Another smaller problem with the 42LF7700 is that while standard def pictures, especially from Freesat, tend to look impressively free of noise, this is only the case if you set the TV’s noise reduction routine to ‘Low’. Yet doing this results in the image looking a touch softer than I’d ideally like. Still, if I had to choose between a touch of softness and loads of MPEG scuzz, I’d choose softness every time.
Sonically the 42LF7700 employs LG’s favourite trick: an Invisible Speaker system that effectively uses the TV’s bezel to deliver a wider, less ‘point-sourced’ soundstage than the average TV. And indeed, the benefits of this approach are impressively evident when watching anything with a powerful, well-constructed audio mix, as the TV’s soundstage spreads way beyond the confines of the TV’s screen without losing cohesion.
Treble effects are pleasingly obvious in the mix, too, without sounding harsh or forced; the mid-range presents vocals clearly and is open enough to expand at least a little to meet the demands of an action scene; and there’s even a respectable amount of bass – though not enough to lift the sound performance higher than an 8 out of 10.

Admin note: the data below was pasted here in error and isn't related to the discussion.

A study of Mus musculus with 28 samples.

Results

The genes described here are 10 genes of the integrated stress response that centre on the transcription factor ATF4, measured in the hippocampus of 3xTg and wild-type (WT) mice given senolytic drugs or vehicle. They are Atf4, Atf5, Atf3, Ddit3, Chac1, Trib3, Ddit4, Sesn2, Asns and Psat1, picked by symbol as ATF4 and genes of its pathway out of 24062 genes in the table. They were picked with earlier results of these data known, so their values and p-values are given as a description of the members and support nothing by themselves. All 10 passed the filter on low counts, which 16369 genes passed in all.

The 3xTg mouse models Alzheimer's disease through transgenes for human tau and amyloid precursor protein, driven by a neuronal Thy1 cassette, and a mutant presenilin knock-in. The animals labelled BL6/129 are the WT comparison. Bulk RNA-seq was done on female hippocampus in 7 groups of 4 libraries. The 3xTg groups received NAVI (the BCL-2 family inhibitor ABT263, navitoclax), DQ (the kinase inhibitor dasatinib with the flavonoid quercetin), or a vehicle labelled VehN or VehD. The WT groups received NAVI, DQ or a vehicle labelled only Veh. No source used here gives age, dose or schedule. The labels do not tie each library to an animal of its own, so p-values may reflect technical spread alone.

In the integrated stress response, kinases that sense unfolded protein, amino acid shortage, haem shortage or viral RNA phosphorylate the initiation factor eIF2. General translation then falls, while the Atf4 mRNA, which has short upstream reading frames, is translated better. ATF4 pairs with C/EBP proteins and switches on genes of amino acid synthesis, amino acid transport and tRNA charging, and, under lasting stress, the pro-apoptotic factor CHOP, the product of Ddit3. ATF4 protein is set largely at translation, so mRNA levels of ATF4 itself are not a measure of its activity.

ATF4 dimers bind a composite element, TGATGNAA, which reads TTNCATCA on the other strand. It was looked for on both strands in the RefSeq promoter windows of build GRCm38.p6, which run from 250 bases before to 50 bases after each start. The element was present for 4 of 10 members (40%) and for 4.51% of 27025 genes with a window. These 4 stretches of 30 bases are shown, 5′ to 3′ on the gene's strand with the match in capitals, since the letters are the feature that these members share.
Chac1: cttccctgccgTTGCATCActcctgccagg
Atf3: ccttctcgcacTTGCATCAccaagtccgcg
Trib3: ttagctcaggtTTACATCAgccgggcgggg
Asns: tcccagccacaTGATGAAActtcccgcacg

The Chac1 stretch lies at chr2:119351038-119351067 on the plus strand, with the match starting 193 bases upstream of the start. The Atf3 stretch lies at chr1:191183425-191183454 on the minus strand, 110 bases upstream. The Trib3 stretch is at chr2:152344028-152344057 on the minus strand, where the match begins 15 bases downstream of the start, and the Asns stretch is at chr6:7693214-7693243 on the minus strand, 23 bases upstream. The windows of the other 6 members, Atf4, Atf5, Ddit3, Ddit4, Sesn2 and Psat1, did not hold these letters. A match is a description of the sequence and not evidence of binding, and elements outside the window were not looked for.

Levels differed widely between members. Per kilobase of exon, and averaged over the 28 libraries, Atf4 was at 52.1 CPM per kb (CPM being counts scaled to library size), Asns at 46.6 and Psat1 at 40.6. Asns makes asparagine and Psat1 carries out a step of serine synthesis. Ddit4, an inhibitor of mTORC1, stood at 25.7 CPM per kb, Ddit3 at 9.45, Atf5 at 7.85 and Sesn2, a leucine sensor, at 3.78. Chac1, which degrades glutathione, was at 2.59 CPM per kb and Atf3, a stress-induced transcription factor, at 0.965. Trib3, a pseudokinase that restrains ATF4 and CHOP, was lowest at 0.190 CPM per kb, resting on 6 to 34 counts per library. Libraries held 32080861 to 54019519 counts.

The 42LF7700 has integrated its Freesat tuner well for the most part, and can produce some quite phenomenal pictures with the right kind of bright, colourful source material. If money’s not too big an issue for you, I personally – movie lover that I am – would probably still be inclined to go for the Panasonic 42PZ81 over the new LG, on account of the Panasonic’s superior black level response. But that doesn’t alter the fact that the 42LF7700 is still a very nice Freesat TV debut from LG that offers something rather sought after in today’s financial climate: impressive value for money.